This post definitely falls under the category of "this 'n' that." It has nothing to do with writing and even less to do with super-heroes.
I don’t know why a 20-year-old man walked into an elementary school in Connecticut yesterday and murdered 26 people, most of them children between the ages of five and 10.
I don’t know why a local Kansas City athlete recently murdered his girlfriend in front of her mother and then murdered himself in front of his coach.
I don’t know why a man with dyed hair shot people in a movie theater last summer.
I doubt anyone will ever truly know or be able to understand their motives.
Yet that doesn't stop others from speculating. The killers were “disturbed” or “mad,” some say. They wanted their 15 minutes of fame, say others. The education system failed them. Violent movies and video games influenced them.
Likewise, solutions to prevent further tragedies are the stuff of easy opinions. Better education. Stricter gun control laws. Beefed-up security at schools (and theaters and everywhere else). Bans on violent movies and games.
We are hurting as a nation and as a species.
When we hurt, we want easy answers.
Last night, I saw Lincoln—a vivid recreation of the struggle leading to the passage of the 13th Amendment, which abolished slavery in the United States. It is sobering and frightening to think that slavery could only be abolished through the Civil War: a four-year, bloody conflict that claimed over 600,000 lives.
But aggression, no matter the intent, leads to further aggression. Another “disturbed” young man took it upon himself to punish Lincoln by assassinating him. But his actions only led to a harsh Reconstruction and resentment between North and South that lingered for decades.
John Wilkes Booth’s 15 minutes of fame solved nothing. He did not make anything right.
I often wonder if these other “disturbed” young men (and they are always young men) see themselves as setting things right. They appear to have given up on themselves and to feel so powerless that they exert whatever power they can muster against those who are weaker still: the innocent, the unsuspecting, the children.
They abandon reason for the momentary thrill of feeling all powerful.
People always ask, how could this happen? Perhaps the question we should be asking is, why doesn’t this happen more often? What enables some people to adjust to life’s harshness, its complexity, its unfairness and not go around shooting others? What enables most of us to go about our lives without seeking the attention that comes (even posthumously) from hurting and killing others?
It is the hindsight of history that enables us to look upon the Civil War as necessary insofar as it resulted in positive changes in American society. Generations of African Americans were freed from slavery forever. The United States emerged as a stronger, more unified country.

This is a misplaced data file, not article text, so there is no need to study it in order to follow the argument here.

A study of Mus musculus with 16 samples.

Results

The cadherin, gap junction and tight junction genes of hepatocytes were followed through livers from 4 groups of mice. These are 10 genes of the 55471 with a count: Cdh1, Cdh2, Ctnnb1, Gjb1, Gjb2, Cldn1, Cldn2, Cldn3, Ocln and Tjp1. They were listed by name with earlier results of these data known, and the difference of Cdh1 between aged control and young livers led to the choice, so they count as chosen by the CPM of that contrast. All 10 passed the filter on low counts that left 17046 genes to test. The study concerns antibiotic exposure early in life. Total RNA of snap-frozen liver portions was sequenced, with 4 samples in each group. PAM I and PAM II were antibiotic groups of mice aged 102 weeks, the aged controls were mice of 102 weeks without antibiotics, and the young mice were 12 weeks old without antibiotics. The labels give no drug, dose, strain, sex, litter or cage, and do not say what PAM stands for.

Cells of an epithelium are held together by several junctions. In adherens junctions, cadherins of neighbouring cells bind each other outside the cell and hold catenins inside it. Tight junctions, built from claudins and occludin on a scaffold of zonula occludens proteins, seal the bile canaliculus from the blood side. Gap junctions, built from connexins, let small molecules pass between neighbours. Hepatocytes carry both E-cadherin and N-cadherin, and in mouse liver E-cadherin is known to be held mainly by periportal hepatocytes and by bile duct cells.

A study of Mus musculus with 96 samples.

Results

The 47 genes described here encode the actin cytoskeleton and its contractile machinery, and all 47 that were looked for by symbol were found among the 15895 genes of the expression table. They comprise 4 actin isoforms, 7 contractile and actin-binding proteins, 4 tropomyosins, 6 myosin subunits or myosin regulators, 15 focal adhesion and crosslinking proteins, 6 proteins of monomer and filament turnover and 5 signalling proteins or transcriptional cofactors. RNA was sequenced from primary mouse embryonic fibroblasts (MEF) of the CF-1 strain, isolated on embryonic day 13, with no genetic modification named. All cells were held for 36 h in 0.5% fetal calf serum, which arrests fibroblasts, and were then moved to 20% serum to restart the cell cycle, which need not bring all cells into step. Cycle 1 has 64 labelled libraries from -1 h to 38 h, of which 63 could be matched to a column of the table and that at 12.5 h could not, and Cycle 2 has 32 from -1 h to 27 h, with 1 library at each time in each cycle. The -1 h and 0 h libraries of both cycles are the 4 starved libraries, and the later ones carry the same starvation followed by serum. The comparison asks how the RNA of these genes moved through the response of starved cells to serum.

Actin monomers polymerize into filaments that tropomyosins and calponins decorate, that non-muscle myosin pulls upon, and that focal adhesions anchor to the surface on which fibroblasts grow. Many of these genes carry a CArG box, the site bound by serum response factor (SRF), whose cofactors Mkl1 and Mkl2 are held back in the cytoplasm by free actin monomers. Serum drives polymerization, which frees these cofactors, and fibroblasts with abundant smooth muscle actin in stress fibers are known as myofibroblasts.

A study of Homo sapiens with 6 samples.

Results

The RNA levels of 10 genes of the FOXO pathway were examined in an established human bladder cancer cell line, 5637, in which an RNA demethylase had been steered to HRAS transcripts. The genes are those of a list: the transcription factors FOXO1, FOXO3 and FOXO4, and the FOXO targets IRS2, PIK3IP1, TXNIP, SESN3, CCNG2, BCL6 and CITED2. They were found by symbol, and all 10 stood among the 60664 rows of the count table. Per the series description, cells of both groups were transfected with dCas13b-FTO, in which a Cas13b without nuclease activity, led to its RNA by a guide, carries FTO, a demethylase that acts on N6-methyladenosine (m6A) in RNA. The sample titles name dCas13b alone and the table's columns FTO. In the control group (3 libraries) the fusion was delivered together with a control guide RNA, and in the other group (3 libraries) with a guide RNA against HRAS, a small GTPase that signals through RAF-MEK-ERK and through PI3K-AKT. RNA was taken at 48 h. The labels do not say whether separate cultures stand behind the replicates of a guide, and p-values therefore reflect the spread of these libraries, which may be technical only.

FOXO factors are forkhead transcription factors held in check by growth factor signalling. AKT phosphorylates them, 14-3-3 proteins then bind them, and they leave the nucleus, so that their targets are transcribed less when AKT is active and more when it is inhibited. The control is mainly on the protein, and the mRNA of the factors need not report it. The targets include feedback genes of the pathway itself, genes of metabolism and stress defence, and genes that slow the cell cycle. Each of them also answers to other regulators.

But the movie brilliantly illustrates how contemporaries viewed Lincoln as someone who usurped authority, and how he and his operatives lied to, bullied, and bribed Representatives into voting for the amendment. There’s a moment in the film when Lincoln tells General Ulysses S. Grant that they enabled each other to do horrific acts, acts which, Lincoln suggests to others, were “for the greater good.”
One can see, of course, the gaping chasm between Lincoln’s motives of preserving the union and freeing the slaves and the apparently selfish motives of young men who shoot children. And the film shows that, for all his power as commander-in-chief, Lincoln had to work hard to get things done, to persuade others to agree with him, and to entrust the success of his mission to forces he could not control: namely, the free will of others.
Perhaps that’s what’s missing from young men who murder: a desire to work hard toward some positive end which benefits others instead of the self, and a willingness to place one’s faith in something outside oneself.
Perhaps age has something to do with it. The young men who lash out at others might, in another time, have been the young men who enlisted in the Union or Confederate armies, who channeled their aggression against clearly defined enemies “for the greater good.”
Perhaps these young men act violently because they don’t want to risk looking foolish or perhaps they take themselves too seriously. Yes, I know: someone who commits horrific acts is already a fool. But several times in the film, Lincoln shows the capacity for keeping others focused by using humor to lighten a dire situation. He never feels the need to put on airs and pretend he's something he's not. He discusses Euclid with a young engineer while admitting he had little formal schooling himself.
In any event, watching this movie on the heals of this latest senseless tragedy offers the depressing suggestion that some things haven’t changed in 160 years: young men still get violent and kill others. However, the movie also shows us that, if our ancestors got through their struggles, we can get through ours.